Implications for the Oil and Gas Industries


The purpose of this panel is to identify implications of the papers and discussions of the past two days on the oil and gas industry. We heard that oil is being produced by unstable countries that cannot assure security of supply for a strategic commodity, and that it causes environmental degradation. However, the public needs a more balanced picture when the question of future energy supplies is being discussed. The world oil industry is meeting a huge task today. It produces around 82 million barrels a day (mn b/d), with a large part of it serving the transportation sector. There are today more than 500mn vehicles on the road worldwide.

Replacing oil, or substituting other sources of energy in its place, will need more than what today's technologies can provide, and at much lower cost. Gas-to-Liquids (GTL), for example, is not forecast to grow more than 500,000 b/d by the end of decade. Moreover, demand for oil is not static. It is, in fact, rising by 1.5-2.0% annually. Global demand is forecast to reach 120mn b/d at the end of the next decade. In order to produce the 82mn b/d and to find new oil to substitute for what is being consumed and to meet future demand, the world oil industry invests around $100bn annually on exploration alone.

What is complicating the picture is the fact that prices today stand at around $60/B. Most producing countries are at capacity. Nonetheless, there are no shortages today. What worries the markets are future problems, particularly during the fourth quarter of this year when demand usually rises and the fear of industrial accidents, natural disasters or political upheavals that could shut some supplies. There were expectations in 2003 that Iraq and Russia would substitute for Saudi Arabia. The fact of the

E.J. Moniz (ed.), Climate Change and Energy Pathways for the Mediterranean, 207-223. © 2008 Springer.

matter is that average Iraqi production today is lower than what it was under the previous regime, and Russian production appears to have stabilized at around 9.4mn b/d. What is aggravating the situation is the fact that despite the doubling of prices from $30 to $60/B during the past 12 months, demand is rising and at historical rates.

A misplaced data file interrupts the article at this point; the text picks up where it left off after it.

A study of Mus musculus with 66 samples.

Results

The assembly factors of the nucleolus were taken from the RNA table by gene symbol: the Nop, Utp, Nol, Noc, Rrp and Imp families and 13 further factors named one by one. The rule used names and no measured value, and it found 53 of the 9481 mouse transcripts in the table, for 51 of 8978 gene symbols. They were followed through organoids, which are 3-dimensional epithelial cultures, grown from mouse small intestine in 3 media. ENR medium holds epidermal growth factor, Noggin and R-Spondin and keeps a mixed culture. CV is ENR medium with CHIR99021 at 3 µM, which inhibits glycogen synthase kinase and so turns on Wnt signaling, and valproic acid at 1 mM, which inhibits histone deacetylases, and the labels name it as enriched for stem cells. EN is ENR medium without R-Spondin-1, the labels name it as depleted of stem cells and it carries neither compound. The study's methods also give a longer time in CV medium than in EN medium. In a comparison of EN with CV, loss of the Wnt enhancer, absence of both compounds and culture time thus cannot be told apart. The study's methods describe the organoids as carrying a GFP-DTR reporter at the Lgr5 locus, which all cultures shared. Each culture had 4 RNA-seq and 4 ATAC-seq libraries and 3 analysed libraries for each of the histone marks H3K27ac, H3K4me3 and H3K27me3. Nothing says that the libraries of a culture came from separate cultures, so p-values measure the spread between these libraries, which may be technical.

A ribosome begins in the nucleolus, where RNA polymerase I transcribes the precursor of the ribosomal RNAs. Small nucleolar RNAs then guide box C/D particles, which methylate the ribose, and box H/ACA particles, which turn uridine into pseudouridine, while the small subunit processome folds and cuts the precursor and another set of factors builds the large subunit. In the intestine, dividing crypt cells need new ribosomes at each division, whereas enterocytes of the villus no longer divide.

There is also fear that global refineries, particularly in the US, may not have sufficient capacity to process the crude. There has not been a new grassroots refinery built in the US since the mid-seventies. The US refineries are now working at around 98% capacity. This makes them vulnerable to accidents and disruptions. To meet the expected high demand in 4Q05, OPEC has been supplying the market more than its needs in order to provide for storage so that this surplus crude can be used later this year.

What does this tell us? We all have responsibilities. We need to have a balanced debate. Fossil fuels are with us until we can substitute for these 82mn b/d. It is imperative that the world focuses more on climate change, cleaner energy and sustainable development. However, there should not be any illusions where we are heading in the foreseeable future. World population is rising, global standards of living are steadily moving higher, and people are not ready to give up the many small but significant things that make up their way of life.

What is necessary is to have a balanced debate and a more pragmatic agenda. On one hand, the dialogue that should take place is one that draws out the problems at hand and those forthcoming while at the same time acknowledging the challenges ahead in moving away from fossil fuels and the costs to be incurred by the producers. On the other hand, all the plans and research reports about the alternatives should indicate more clearly how much volume they can actually contribute to the energy basket, at what price and in accordance with a more detailed time agenda.